Siam insisted on land next to Temple belonged to it

Siam insisted on land next to Temple belonged to it

By Surasak Tumcharoen

BANGKOK, Jan. 7 (Xinhua) — The unresolved territorial dispute with neighboring Cambodia, currently troubling the Puea Thai (For Thais)-led government, has picked up momentum in the Thai mainstream media after it found its way to the World Court where Cambodia has filed a petition seeking a final ruling on the contested territory.

The disputed area covers over 4.6 square kilometers surrounding the Preah Vihear Temple that straddles the shared border between Thailand and Cambodia.

In l962, the World Court ruled that the area belongs to Cambodia and in 2008, the UNESCO declared the temple as World Heritage site.

The World Court in The Hague is scheduled to hold hearings in April and would issue its final ruling in the latter part of this year.

Political analysts here said that regardless of the final ruling of the World Court, the issue could affect the stability of the government of Prime Minister Yingluck Shinawatra.

But Thai Foreign Minister Surapong Tovichakchaikul has reassured the Thai public that the Yingluck government would remain intact despite the lawsuit at the World Court, adding that he is confident that both Thailand and Cambodia could “hammer out a fresh compromise” over the disputed territory.

Surapong said the World Court might be able to come up with a ” neutral” ruling so that neither the Thais nor the Cambodians would come out as losers or winners.

Thai Defense Minister ACM Sukampol Suwannatat echoed the views of Surapong, saying that he is optimistic that the final ruling of the World Court, which is expected to be handed down six months time after the April’s hearings, would be acceptable to all parties concerned, particularly the Thai public.

“Regardless of the World Court’s ruling, the Thai government will see to it that the Thai people will understand accordingly and accept it,” said Surapong, adding that the government will keep them well-informed and updated before and after the ruling is delivered in The Hague.

But one Puea Thai MP, who did not want to be quoted because he has no authority to speak for the party, said that any ruling adverse to Bangkok would fan anti-government protests from diehard nationalists or downright chauvinists.

“Such defeat in the World Court would be viewed as a big territorial loss for Thailand and could spur a major political crisis,” the MP said.

Thai Ambassador to the Hague Veerachai Palasai, who has been temporarily summoned to Bangkok to help the government prepare a legal strategy to counter the Cambodian move, has cautioned that the Thai side should observe the outcome at the World Court as long as Thailand is part of the international community and member of the United Nations.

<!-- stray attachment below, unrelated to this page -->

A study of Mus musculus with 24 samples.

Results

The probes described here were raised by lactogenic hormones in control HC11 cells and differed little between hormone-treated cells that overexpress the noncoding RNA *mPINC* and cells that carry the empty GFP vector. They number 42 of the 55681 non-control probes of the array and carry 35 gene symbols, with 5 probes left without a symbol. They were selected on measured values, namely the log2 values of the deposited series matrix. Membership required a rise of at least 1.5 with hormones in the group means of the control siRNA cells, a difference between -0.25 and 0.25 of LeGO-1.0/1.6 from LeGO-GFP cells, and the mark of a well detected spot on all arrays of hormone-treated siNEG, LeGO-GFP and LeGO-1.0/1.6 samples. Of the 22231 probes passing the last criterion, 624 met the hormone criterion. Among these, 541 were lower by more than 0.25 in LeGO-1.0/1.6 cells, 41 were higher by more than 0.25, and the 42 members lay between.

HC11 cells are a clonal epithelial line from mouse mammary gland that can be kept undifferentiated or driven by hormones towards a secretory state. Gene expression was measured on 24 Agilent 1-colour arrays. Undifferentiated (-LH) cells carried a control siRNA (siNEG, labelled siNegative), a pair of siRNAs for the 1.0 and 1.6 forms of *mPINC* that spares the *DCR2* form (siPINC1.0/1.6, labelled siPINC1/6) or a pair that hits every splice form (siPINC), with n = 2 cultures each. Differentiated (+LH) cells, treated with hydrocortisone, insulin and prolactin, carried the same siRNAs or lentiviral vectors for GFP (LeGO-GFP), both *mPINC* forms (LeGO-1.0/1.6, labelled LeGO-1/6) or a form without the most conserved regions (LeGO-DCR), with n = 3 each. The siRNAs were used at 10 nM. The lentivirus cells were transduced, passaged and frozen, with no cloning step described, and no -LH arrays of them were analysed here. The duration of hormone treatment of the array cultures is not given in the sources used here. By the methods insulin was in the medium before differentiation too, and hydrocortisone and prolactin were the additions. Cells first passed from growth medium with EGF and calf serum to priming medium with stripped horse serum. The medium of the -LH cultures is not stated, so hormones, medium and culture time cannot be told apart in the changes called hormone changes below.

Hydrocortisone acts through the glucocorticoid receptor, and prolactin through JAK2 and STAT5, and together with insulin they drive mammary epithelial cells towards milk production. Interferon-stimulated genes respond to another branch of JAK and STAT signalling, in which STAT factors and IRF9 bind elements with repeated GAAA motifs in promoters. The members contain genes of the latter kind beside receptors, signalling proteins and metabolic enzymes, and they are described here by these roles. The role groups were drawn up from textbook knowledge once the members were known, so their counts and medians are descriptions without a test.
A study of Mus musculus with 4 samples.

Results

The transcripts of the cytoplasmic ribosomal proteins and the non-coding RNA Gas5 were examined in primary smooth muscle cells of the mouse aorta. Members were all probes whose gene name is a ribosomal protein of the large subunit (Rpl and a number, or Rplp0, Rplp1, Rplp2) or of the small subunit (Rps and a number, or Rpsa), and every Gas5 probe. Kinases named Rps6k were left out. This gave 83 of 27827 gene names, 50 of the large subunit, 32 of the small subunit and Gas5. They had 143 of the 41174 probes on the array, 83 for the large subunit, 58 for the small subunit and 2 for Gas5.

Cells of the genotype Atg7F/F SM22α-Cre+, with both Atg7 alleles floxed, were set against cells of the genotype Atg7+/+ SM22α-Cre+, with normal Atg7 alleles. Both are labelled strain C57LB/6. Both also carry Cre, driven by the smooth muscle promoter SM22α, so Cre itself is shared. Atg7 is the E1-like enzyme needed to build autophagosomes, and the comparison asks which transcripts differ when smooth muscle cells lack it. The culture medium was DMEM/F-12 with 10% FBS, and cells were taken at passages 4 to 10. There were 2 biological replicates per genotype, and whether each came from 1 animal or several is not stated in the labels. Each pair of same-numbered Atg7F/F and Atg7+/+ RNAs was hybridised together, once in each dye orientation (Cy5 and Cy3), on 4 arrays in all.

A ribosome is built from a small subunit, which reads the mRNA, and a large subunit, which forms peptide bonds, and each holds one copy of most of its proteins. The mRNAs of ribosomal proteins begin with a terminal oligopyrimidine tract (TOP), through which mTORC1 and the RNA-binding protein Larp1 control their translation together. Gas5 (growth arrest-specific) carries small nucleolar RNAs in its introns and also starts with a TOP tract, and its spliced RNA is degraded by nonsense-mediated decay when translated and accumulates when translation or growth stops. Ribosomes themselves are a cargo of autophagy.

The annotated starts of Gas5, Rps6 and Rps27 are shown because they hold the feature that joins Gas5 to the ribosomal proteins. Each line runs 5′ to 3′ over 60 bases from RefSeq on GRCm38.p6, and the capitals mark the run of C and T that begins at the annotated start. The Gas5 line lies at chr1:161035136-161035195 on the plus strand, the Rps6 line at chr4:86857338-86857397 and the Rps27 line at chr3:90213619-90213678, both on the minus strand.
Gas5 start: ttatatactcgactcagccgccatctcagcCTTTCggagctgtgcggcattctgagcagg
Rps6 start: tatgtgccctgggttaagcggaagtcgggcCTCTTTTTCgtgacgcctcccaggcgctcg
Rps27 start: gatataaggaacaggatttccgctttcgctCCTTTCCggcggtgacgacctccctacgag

Palasai said that Thailand could face a UN-led international boycott if the country refuses to honor the World Court ruling.

Remarkably, the Thai-Cambodian dispute has been escalated not by the Cambodians, who invariably adhered to the French-made maps of the old days demarcating the common borderlines, but by a resurrected, anti-government movement led by the so-called People’ s Alliance for Democracy, better known as the Yellow Shirts, who remained opposed to former Prime Minister Thaksin Shinawatra, brother of Yingluck.

Yellow Shirt leaders planned to formally call on Yingluck to ignore a ruling of the World Court if it is favorable to Cambodia and to order the Thai troops deployed in the disputed areas to repulse a Cambodian takeover of the disputed shrine.

The anti-Thaksin activists also planned to organize a massive protest against the Yingluck government if it fails to heed their demands.

Former Prime Minister Abhisit Vejjajiva added confusion to the issue by alleging that the Puea Thai-led government had already reached a “hush-hush” agreement with Cambodian Prime Minister Hun Sen about the whole Preah Vihear dispute, given the fact that Thaksin and the Cambodian leader were known as close friends.

“It remains to be seen whether or not the hidden agreement ( between the Thai and Cambodian governments) might bear fruit to the extent that any profitable concessions for undersea resources in the Cambodian waters (in the Gulf of Thailand) be given to the Thai government,” said Abhisit, who insisted that his government should not be held responsible for the international dispute.

But Surapong argued that the Cambodians had filed the case to the World Court during the Abhisit’s tenure, adding that such a case could not have been filed under a Puea Thai government.

Former Thai Foreign Minister Noppadon Pattama, who currently serves as legal adviser to Thaksin, dismissed as groundless the accusations raised by the Democrat Party’s leader that the Yingluck government had quietly offered to give away the disputed land to the Cambodians in exchange for the alleged concessions in Cambodia’s marine resources.

“Nobody would be so evil to surrender a territorial integrity to any foreigner and not to fight for it,” Pattama said.